You’re a private banker, but your client wants investment banking products so you work with your colleagues in IBD to give them what they need. It’s an increasingly common scenario, particular in Asia where private clients tend to be entrepreneurs with expanding businesses that could require help with listings or acquisitions.
Large banks in Singapore and Hong Kong are touting cross-department collaboration as a key reason why clients (and relationship managers) should choose them over boutiques that don't provide in-house investment banking. Last month, for example, Nomura hired Lee Chee Pin as head of financial products and solutions in Asia and tasked him to lead its collaborative efforts.
But while joining a cross-selling bank often seems appealing to relationship managers (RMs) whose clients are seeking IB products, working with investment bankers can be challenging and some banks have yet to perfect their collaborative model.
“The universal banks with mature investment banking division tend to pursue collaboration more intensively,” says Pathik Gupta, head of Asia Pacific wealth management at consultancy McLagan. “However, collaboration is also a function of leadership drive, individual motivation and incentive frameworks all working together in tandem, so not all of them execute it effectively.”
As a rule of thumb, Gupta says collaboration works best when private banking is either part of institutional banking, or there is strong “leadership alignment” between it and IBD. The CEOs of UBS and Credit Suisse, Asia’s two largest private banks by headcount, have both made cross-selling a strategic priority, for example.
“These two Swiss banks are essentially private banks first and investment banks second. So the collaboration here is strong and their IBD activities in Asia support the ambitions of private clients,” says Josie Ling, a private banking consultant at search firm Eban. “The American banks are good at it too – Citi, J.P. Morgan, Goldman Sachs and Morgan Stanley – they have strong IBD departments and serve the private banking side well for deals they can both work on.”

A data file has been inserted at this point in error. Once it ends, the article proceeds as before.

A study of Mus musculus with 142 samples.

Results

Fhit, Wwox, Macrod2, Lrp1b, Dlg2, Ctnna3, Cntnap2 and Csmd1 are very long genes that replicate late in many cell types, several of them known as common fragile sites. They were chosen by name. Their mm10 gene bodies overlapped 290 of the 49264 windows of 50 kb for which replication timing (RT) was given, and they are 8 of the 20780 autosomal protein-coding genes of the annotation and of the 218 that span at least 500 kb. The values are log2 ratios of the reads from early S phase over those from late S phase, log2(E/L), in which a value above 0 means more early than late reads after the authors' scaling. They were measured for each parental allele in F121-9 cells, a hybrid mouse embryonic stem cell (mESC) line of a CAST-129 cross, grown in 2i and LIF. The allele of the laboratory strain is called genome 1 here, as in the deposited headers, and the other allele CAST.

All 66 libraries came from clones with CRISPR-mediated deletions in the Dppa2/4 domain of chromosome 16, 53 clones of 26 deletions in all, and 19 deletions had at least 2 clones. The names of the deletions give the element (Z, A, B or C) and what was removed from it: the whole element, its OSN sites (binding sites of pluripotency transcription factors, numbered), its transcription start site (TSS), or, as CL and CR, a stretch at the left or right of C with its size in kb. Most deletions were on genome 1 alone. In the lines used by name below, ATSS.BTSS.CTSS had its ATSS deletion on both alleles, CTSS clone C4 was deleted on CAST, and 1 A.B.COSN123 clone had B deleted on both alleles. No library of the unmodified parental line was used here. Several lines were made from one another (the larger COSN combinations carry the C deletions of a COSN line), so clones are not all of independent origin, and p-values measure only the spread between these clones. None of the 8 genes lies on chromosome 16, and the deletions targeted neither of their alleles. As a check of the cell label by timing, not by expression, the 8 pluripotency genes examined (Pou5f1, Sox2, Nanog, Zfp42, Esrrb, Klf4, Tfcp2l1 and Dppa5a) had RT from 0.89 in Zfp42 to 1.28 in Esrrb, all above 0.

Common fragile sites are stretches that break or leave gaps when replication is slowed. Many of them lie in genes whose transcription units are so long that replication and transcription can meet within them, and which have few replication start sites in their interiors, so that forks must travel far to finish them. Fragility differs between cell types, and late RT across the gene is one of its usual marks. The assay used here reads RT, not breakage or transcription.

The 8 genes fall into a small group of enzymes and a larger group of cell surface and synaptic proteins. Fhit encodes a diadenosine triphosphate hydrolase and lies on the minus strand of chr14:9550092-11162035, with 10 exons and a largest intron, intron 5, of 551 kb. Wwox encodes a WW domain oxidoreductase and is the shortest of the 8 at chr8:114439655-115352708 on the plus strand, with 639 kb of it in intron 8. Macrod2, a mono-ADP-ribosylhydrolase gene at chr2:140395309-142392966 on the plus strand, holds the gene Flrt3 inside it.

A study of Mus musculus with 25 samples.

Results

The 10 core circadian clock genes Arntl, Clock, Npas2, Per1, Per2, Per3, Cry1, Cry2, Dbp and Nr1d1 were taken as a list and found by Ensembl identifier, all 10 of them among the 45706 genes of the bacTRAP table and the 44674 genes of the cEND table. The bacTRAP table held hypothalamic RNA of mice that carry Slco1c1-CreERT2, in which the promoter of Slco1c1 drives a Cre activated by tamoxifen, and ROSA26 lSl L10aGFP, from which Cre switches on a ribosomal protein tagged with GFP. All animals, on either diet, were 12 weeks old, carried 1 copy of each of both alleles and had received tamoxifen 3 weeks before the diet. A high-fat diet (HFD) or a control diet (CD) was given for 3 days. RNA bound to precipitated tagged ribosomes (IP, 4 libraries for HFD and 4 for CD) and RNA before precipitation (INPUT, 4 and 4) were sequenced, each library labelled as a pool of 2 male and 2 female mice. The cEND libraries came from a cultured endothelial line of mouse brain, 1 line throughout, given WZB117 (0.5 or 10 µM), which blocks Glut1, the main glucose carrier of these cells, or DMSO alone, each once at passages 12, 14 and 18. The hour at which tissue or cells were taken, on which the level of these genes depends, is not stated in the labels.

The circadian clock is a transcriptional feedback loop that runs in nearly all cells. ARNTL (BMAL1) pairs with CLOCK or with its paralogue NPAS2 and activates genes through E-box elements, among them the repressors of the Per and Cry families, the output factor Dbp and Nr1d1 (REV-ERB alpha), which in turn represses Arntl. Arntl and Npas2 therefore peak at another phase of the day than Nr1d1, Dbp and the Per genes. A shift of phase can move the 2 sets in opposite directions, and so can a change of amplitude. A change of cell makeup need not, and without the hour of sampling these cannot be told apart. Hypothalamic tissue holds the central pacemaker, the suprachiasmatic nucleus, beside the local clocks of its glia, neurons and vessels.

Gupta says the firms that have struggled to forge a collaborative approach are those where the private bank is part of a larger consumer bank which “can’t effectively align with the value proposition of the investment banking side”.
Another private banking consultant, who asked not to be named, agrees that consumer banks such as HSBC, Standard Chartered and DBS aren’t your best bet if you’re a private banker in Asia looking to cross-sell IBD products. “Their IB divisions are not as strong as the likes of JPM and Morgan Stanley and there’s not the same top-down push to encourage collaboration either.”
The challenges of working more closely
Whatever the bank, however, working more closely together is not always straight forward. “Potential deals for high-net-worth clients are often smaller compared with institutional client deals,” says Ling. “And because their fees depend on deal sizes, investment bankers feel that some private-client transactions are too small for them as they would use up the same amount of resources as structuring and executing a larger deal. This is frustrating for private bankers.”
Cultural difference in the way investment bankers and wealth managers work with clients can also cause strained relations. “Private bankers look to build long-term partnerships, while i-bankers tend to see clients from a short-term deal perspective – they work on executing flows and finding the next big deal,” says Gupta from McLagan. “If the client is not worth their time, no matter how hard the private banker tries, the deal won’t happen. Private bankers should be careful to ensure that i-bankers don’t disrupt their relationships or the ‘image’ of the private bank.”
When cross-department collaboration breaks down, it’s largely because each party is too focused on achieving their own targets rather than helping the client with their business objectives, says Liu Sanli, practice lead, private banking, at CA Search in Singapore. “Because of this many banks have not achieved true collaboration between IBD and private banking,” he adds.
The biggest obstacle for private bankers is a fear of losing control over their client relationships if they buy too many investment banking products, says Gupta. “But smart relationship managers realise that if they don’t provide IB access, clients will go to another bank and they will lose their market reputation for providing holistic solutions. Some banks have tried to resolve the ‘what’s in it for me?’ issue by developing incentive structures for RMs for cross referrals.”